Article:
If you are like most people, when you think about someone dying and probate court, you immediately think of a procedure that is complicated. In California, the reality is that there is not just one probate process available in the judicial system when a person dies. In fact, when considering the probate process in California, there really are a number of possibilities available in the aftermath of a person’s death:
- Testate – simplified
- Testate – formal
- Intestate – simplified
- Intestate – formal
Simplified Versus Formal Estate Process
Many estates that do need to go through the probate process can follow simplified procedures. If an estate is valued at $150,000 or less (and doesn’t have real estate), the simplified probate process if available.
Through the simplified probate process, an estate need not obtain the permission of the court of address matters associated with it. The probate process is started, an inventory of the estate is filed with the court, and the personal representative of the estate has the ability to tend to the affairs of the estate without continually returning to court.
Once bills and taxes are paid, and once the distribution of assets to the heirs of the state are completed, a final report is filed with the court. As long as everything is in order, the probate court approves the final settlement of the estate and discharges the personal representative from his or her duties to the estate and the court.
The formal estate process is more complex. The formal process is used when an estate has assets above $150,000 or the estate includes real estate. When the formal estate process is utilized, there is a greater degree of judicial oversight over the disposition of the estate. For example, if the estate includes real estate, the court will be involved in approving the base sales price of the property. The court will also be called upon to approve a contract for sale or the winning bid if the real property is sold at auction.
In a formal estate process, the court also approves a proposed distribution of assets to heirs after all of the bills and taxes are paid. In addition, the court is also involved in approving the payment of attorney fees to legal counsel hired to represent the estate.
A testate estate is one in which a person died with a last will and testament. In this type of estate process, the will nominates a person to serve as the executor of the estate. The executor must be approved by the court. Upon court approval, the court issues what are known as letters of executorship or letters testamentary, an order from the judge giving the executor the legal authority to tend to the affairs of the estate.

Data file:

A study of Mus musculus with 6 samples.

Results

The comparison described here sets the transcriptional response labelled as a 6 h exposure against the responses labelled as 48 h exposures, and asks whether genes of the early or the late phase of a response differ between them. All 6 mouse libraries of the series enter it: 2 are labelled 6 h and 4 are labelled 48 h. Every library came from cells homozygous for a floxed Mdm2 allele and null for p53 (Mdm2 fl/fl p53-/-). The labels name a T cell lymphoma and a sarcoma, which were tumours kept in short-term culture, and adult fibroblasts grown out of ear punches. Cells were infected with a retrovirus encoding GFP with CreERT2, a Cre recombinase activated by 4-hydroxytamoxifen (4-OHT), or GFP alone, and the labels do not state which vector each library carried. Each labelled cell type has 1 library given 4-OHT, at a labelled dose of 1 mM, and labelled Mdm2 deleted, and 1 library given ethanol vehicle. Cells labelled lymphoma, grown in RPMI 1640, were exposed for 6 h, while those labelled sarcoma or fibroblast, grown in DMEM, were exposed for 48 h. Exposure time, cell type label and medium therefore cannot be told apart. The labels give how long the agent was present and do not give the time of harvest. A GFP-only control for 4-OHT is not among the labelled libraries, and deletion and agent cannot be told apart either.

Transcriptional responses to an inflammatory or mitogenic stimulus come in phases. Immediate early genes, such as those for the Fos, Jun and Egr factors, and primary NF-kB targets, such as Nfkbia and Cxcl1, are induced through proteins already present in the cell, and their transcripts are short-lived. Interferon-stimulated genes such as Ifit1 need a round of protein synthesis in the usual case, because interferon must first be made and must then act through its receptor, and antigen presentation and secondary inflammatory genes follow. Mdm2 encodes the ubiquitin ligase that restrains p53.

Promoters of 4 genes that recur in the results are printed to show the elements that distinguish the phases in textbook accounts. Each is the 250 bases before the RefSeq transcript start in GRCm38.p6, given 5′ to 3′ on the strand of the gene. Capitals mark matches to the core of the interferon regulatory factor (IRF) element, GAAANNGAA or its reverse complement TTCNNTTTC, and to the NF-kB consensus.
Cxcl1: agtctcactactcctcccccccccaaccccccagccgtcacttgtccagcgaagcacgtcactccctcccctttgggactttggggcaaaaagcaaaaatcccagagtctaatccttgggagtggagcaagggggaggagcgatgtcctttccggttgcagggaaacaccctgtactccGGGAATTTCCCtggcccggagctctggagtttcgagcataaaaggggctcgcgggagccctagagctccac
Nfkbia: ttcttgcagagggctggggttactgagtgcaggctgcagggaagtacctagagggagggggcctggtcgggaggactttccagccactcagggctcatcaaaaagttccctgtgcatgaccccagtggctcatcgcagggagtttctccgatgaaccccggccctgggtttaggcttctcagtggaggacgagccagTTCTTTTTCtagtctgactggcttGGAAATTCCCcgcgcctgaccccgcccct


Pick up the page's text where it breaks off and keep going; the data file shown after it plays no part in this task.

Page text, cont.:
The intestate process is utilized when a person dies without a last will and testament. In the intestate probate process, the court designates a personal representative to manage the affairs of the estate known as the administrator. This power is granted to the administrator via a court order called letters of administration.
Starting a Probate Proceeding
No matter the type of probate process being utilized, this type of case commences with the filing of what legally is known as a petition in the probate court. If the individual died with a will, the original version of the will is filed with the petition for probate itself.
The petition needs to be verified when it is filed with the court. What this means is that there is a clause in the petition that states that the contents of the document are true and correct to the knowledge and belief of the individual who filed the paperwork with the probate court. The verification statement and the petition as a whole are notarized. There is a filing fee to open an estate case in California. The amount of the fee is contingent on the county where the case is being pursued as well as whether it will be a simplified or formal proceeding.
If a simplified estate process is available in a particular situation, an executor or administrator may be able to undertake the task at hand without the need for legal counsel. The state of California maintains probate forms that can be accessed online. In the case of a simplified probate process, the forms involved are relatively simple to complete and prepare for filing with the court.
Generally speaking, if the formal probate process is required for a particular estate, retaining legal counsel is nearly always recommended. The documents that need to be prepared in a formal probate process are more complicated. In addition, the court process itself is more complex. The reality is that even what seems like a minor mistake in the probate process or on a form can have significantly negative consequences. These errors truly are best avoided by retaining an experienced probate attorney.